Anapaya blog

Internet issues in B2B and how to address them

Lisa Garbe
Posted by Lisa Garbe on 13 May, 2020

In today’s world, businesses rely on stable and secure communication online. Many small and medium enterprises communicate to sub-contractors and business partners on a daily basis, often crossing national borders. While the internet has largely facilitated communication, it has also paved the way for new vulnerabilities of business operations.



Network instability

In order to communicate with business partners or for remote employees to access the internal business network, companies usually rely on the public internet. When information is exchanged between two different locations, there is no control through which internet service providers (ISP) the data is routed to reach its final destination. The misconfiguration of routing tables by ISPs can lead to accidental rerouting of web traffic causing major delays communication. Such misconfigurations are common and often take place unnoticed.

Performance issues

It remains unclear an ISP determines the routes for customers’ data packets. Some ISPs may opt for the cheapest, but geographically longer, route. Others may choose the shortest, yet most expensive route to forward data packets. While the cheapest route may be performant enough for anti-virus updates or email communication, it may not be good enough for video conferences with remote participants. Since the customer has no control over their ISP’s routing preferences, the ISP may not necessarily choose the most appropriate route with regards to the customer’s need.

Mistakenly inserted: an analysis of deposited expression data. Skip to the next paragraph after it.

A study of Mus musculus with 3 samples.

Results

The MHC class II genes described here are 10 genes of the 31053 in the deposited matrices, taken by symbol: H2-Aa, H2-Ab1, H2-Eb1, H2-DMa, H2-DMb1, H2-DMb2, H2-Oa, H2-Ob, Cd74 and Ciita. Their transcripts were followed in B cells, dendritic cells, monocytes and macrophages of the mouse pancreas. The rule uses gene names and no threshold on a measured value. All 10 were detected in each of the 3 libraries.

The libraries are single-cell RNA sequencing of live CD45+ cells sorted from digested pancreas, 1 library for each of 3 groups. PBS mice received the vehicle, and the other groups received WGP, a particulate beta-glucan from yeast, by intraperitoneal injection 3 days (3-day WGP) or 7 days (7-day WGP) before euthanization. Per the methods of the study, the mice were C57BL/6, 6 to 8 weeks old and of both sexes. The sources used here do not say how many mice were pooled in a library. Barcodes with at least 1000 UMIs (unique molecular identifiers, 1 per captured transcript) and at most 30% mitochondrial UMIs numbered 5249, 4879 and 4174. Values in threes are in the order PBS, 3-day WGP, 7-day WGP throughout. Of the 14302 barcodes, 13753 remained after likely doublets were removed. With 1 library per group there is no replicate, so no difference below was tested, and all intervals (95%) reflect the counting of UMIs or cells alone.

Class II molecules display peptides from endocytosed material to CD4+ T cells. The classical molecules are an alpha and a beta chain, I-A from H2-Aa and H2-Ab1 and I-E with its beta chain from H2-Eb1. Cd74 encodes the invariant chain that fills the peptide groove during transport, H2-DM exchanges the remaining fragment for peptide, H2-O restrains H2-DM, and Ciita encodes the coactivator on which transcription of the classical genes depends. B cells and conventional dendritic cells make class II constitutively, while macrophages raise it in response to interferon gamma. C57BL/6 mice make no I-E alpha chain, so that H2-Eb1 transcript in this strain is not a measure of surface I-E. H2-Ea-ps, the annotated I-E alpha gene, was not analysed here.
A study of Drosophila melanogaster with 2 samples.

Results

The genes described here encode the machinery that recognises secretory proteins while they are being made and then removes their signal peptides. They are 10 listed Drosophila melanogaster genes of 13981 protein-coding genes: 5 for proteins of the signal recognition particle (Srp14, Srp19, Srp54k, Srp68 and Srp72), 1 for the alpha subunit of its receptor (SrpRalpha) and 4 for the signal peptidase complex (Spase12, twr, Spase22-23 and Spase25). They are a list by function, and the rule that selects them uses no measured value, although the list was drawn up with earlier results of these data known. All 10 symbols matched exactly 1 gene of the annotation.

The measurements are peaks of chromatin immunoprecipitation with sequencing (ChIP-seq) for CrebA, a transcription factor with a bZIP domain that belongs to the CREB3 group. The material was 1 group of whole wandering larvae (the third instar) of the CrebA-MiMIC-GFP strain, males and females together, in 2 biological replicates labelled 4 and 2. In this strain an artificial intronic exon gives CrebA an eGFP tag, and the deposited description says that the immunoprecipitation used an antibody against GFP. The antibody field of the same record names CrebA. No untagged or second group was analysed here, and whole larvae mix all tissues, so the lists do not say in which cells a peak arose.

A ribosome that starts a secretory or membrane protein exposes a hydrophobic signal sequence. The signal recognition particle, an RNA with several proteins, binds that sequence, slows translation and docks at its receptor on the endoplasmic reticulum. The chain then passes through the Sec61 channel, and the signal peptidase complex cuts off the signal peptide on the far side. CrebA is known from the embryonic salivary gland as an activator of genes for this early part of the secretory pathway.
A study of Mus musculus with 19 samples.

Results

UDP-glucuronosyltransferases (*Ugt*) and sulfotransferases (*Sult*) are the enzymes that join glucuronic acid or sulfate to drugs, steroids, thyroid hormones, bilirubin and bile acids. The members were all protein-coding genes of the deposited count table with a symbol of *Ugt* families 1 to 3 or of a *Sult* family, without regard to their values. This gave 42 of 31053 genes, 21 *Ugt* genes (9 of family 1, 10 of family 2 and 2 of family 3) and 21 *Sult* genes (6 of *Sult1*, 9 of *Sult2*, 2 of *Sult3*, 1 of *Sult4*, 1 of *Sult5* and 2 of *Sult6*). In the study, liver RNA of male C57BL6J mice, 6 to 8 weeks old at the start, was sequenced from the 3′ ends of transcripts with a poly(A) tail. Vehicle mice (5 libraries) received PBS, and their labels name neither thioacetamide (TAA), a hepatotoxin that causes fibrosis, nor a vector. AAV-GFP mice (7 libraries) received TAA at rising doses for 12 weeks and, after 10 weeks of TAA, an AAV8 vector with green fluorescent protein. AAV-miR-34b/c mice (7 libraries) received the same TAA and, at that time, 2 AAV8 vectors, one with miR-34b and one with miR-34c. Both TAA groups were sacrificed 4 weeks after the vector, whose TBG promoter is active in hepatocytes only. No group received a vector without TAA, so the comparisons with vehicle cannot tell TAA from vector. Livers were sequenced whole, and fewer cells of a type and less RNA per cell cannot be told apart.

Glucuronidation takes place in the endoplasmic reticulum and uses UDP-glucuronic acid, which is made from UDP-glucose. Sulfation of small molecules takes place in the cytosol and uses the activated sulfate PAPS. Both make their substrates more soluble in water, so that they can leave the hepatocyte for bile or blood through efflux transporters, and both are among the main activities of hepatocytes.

Network security issues

Man-in-the Middle Attacks

While most BGP misconfigurations are accidental, they can also be used strategically by hackers that perform so-called “man-in-the-middle" attacks. An attacker can change the path of a data packet rerouting it to their own network, also commonly known as route hijacking. This allows the attacker to perform so-called man-in-the-middle attacks such as stealing credentials or eavesdropping. The resulting unavailability of a service or compromised data can amount to huge financial losses for a company. In 2017, attackers rerouted online customers of a Brazilian bank to a reconstructed fake website where customers unknowingly handed over their credentials. 

DDoS Attacks

A distributed denial of service (DDoS) attack is a way to disrupt the traffic of a targeted server or network with the aim to bring down a website or specific web service. The attacker overwhelms the target’s website with messages, requests for connections, or fake packets, such that access to the targeted website is temporarily restricted. DDoS attacks are very precise in targeting specific websites and it is difficult to trace the source of the attack.  In 2016, hackers targeted the Swiss Federal Railways (SBB) resulting in the slowdown of online timetables and inaccessibility of the website for several hours. Sometimes, smaller attacks degrading a website’s performance are used by the attackers to infiltrate the network while the company’s security team is trying to address the DDoS attacks. Overall, DDoS attacks have increased in numbers, volume, and length in over the last two years.

How to address network issues?

For companies it is difficult to address network security problems as they rely on ISPs that are responsible for routing their traffic. Once a message leaves their company, they give up substantial control over how this message is routed to its final destination. The SCION-Internet, enabled by Anapaya, offers full transparency and control over the routes and allows the sender to determine through which ISPs traffic should be routed. In collaboration with ISPs, companies can hence adjust the routes to their own needs, for instance by avoiding traffic to be routed through specific countries. This also reduces the risk of DDoS attacks as it is unlikely that all different paths will be attacked at the same time. In order to further reduce such risk, business partners could send each other information about „hidden paths“: These hidden paths are not public and therefore assure business continuity for specific “peers” that agreed to exchange information through these hidden paths.